Being an illustrator might sound like a rather limited career choice. After all, what is illustration but drawings? Surely an illustrator could only ever find work in the world of advertising and children's books? Will most of these jobs soon be getting done by computers anyway? Well, no, not at all! Illustration certainly does include drawings and working within advertising and with children's book writers certainly is bang in the middle of the jobs an illustrator can do, but there is so much more to the field, in both physical and digital illustration. The actual definition of illustration of is 'decoration, interpretation or visual explanation of a text, concept, or process designed for integration in published media'. That is quite a lengthy and complex definition, but once it has been unpacked, it is easy to see how very wide and comprehensive the world of illustration can be.

Traffic signs and even the electric traffic signals are illustrations. Exit signs, those ubiquitous green running men that are instantly recognizable in every country in the world, are illustrations. Instruction manuals, very often, are reduced to a series of illustrations, demonstrating how to build and operate an item without the need to translate it into a series of languages. Advertising – whether on billboards, in magazines, on television, or those flyers that come through the mail – is often very strongly rooted in illustration. The illustration also comes into the retail world, with images and snappy slogans being put onto every kind of merchandise out there: cups and mugs, stationery, tee-shirts, and other clothing, lunch boxes and much more. Even tattoo artists are illustrators, in a way, creating images bursting with symbolism that is uniquely special to the person being tattooed. And, there are, of course, the traditional pathways followed by illustrators: book covers, comics, graphic novels, and children's books.

How Do I Start?

These days it is possible to take a degree in illustration, during which you will be guided through all the possible media and methods, as well as learning about all the industries in which illustration is employed. But if you are not yet in a position to go to university, you can begin your journey to illustrator straight away. All the experts say: draw. Draw often and every day. Draw people on the bus or train, draw people in the coffee shop, or walking past outside, draw buildings and animals and birds and trees and roads – draw everything! Do not only use one type of pencil or pen to create your drawings, experiment with paints, fiber-tips, crayons, and inks. Use different types of paper and canvas, drawing on plastic, on the glass, and on newsprint. Pay attention to the way the drawing interacts with the surface you have drawn it on and choose the looks that work the best for your style of art.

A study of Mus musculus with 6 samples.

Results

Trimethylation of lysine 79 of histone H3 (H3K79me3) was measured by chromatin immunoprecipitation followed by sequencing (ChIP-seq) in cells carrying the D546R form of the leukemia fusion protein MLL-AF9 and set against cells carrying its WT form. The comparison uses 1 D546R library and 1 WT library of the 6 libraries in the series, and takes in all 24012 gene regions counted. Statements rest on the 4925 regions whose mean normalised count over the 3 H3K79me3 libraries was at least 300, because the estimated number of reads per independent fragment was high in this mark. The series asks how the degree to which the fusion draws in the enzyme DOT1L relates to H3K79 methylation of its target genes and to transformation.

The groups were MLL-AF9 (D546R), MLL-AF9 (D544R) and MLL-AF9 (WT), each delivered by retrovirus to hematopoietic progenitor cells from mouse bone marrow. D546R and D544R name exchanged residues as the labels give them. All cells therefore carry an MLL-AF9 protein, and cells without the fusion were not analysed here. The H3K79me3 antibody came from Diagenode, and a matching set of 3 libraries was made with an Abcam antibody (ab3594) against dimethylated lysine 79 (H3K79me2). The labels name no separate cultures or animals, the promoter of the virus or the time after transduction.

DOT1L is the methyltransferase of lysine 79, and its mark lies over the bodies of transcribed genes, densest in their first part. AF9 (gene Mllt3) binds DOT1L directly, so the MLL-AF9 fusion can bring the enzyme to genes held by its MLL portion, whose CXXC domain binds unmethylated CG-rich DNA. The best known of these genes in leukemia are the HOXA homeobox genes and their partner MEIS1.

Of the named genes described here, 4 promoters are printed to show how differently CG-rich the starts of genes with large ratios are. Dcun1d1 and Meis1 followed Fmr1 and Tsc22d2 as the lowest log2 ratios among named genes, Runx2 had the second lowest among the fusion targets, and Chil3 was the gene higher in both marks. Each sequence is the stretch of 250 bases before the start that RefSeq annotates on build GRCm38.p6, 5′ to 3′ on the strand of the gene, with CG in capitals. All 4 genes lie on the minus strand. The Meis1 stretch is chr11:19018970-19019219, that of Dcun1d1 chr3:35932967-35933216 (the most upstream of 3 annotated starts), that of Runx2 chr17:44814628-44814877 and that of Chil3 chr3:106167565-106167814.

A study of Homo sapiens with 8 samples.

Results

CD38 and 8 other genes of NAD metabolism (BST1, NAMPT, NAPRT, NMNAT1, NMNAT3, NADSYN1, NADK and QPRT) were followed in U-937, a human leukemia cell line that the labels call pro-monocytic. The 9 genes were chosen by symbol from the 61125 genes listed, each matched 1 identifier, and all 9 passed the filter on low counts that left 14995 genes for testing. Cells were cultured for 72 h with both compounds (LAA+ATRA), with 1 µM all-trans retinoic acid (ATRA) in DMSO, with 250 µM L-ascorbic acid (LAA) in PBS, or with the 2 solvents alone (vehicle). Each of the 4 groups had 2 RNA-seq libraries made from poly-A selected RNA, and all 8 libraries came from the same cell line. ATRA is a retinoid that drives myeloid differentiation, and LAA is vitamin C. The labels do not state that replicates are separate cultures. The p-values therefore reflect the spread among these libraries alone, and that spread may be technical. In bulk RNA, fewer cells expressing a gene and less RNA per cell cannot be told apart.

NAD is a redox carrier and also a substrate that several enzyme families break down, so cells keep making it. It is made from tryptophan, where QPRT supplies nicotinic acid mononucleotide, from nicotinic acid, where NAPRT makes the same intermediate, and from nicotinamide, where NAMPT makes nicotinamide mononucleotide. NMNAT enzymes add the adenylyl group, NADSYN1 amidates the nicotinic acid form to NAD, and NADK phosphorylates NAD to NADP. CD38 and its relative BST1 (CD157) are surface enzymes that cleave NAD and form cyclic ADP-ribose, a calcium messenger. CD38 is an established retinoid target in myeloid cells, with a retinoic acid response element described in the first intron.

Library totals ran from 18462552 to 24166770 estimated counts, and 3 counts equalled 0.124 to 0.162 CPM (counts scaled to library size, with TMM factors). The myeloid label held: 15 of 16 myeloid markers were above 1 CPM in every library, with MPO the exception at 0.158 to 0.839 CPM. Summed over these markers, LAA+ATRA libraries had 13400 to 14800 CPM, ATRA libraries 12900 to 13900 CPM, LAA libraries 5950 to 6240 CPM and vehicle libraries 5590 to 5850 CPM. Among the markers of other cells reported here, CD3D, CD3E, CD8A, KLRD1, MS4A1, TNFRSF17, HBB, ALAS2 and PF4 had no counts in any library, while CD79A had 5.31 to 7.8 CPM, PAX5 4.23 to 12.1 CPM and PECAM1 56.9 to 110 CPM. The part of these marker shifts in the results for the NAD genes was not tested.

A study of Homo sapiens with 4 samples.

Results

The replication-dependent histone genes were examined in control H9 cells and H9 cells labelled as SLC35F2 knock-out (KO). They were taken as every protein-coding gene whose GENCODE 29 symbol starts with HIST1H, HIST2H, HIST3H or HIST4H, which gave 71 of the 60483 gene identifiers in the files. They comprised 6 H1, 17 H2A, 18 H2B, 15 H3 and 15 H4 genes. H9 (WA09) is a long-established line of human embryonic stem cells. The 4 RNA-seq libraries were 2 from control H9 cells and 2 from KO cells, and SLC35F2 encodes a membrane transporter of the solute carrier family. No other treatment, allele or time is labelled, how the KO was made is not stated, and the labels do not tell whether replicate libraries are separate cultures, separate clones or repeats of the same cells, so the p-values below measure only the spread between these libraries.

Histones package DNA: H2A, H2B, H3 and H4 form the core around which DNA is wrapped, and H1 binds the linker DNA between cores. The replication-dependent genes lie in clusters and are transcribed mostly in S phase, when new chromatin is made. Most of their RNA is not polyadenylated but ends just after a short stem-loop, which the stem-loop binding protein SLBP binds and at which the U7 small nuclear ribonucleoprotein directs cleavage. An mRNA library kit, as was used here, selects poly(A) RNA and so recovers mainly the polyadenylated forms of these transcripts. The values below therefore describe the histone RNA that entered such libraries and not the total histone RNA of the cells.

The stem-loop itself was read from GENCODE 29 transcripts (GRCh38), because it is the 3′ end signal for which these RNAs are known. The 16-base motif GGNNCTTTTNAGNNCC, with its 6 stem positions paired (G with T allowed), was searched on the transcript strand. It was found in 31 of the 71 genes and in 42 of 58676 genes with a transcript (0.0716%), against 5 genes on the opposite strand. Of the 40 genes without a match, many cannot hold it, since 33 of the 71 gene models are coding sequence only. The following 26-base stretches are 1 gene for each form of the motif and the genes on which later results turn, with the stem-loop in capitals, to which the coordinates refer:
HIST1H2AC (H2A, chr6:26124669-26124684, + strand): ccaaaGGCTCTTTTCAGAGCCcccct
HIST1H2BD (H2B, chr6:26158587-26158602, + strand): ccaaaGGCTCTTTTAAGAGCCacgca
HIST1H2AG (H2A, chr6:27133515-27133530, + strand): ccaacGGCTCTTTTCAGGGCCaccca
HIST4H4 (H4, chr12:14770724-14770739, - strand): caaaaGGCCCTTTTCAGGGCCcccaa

If you start today, drawing for an hour or more every day, within six months you will be able to see a dramatic improvement in your art, and you will have the beginnings of an impressive portfolio with which to impress potential tutors or employers.

Once you begin your course or degree, you will be offered the opportunity to learn how to use other illustration equipment: from cutting edge 3D printers to a host of printers and etching machines, all the way to old school lithography machines and old-fashioned silk-screens and printing presses. These methods are extremely useful to learn as one day you may need to achieve a certain effect in a particular illustration and just having the knowledge may be enough to swing a lucrative commission your way. Therefore, take every opportunity that comes your way: for internships, experience days and work shadowing to learn how industry professionals do their job – there is no such thing as wasted knowledge.

Ready to Go Out On Your Own?

While you work on attaining your degree or other illustration qualification, begin to accumulate the equipment you will need. High-quality illustration requires high-quality tools, from the surface on which the illustration will be placed to the pen and ink used in its creation. Rather than rushing out and buying a host of cheap products that might not work as desired, put your collection together in small increments, building it up until you have a nice range of very good quality items. As with your portfolio, start building your collection of tools, utensils, and stationery sooner rather than later.

Once you are ready, get your name out there quickly: do some speculative work and sell it to the people whose attention you want to get. Set up an online store featuring your unique designs. Whatever you do: do not work for free (internships and work experience are the exceptions here – if you are getting something out of the free work, then it is fine, but giving your best work to other people for no particular benefit: do not do it). Curate your image as carefully as you work on your illustrations and use your online presence to really sell your expertise. It will not be long before you are happily fielding more inquiries than you can handle.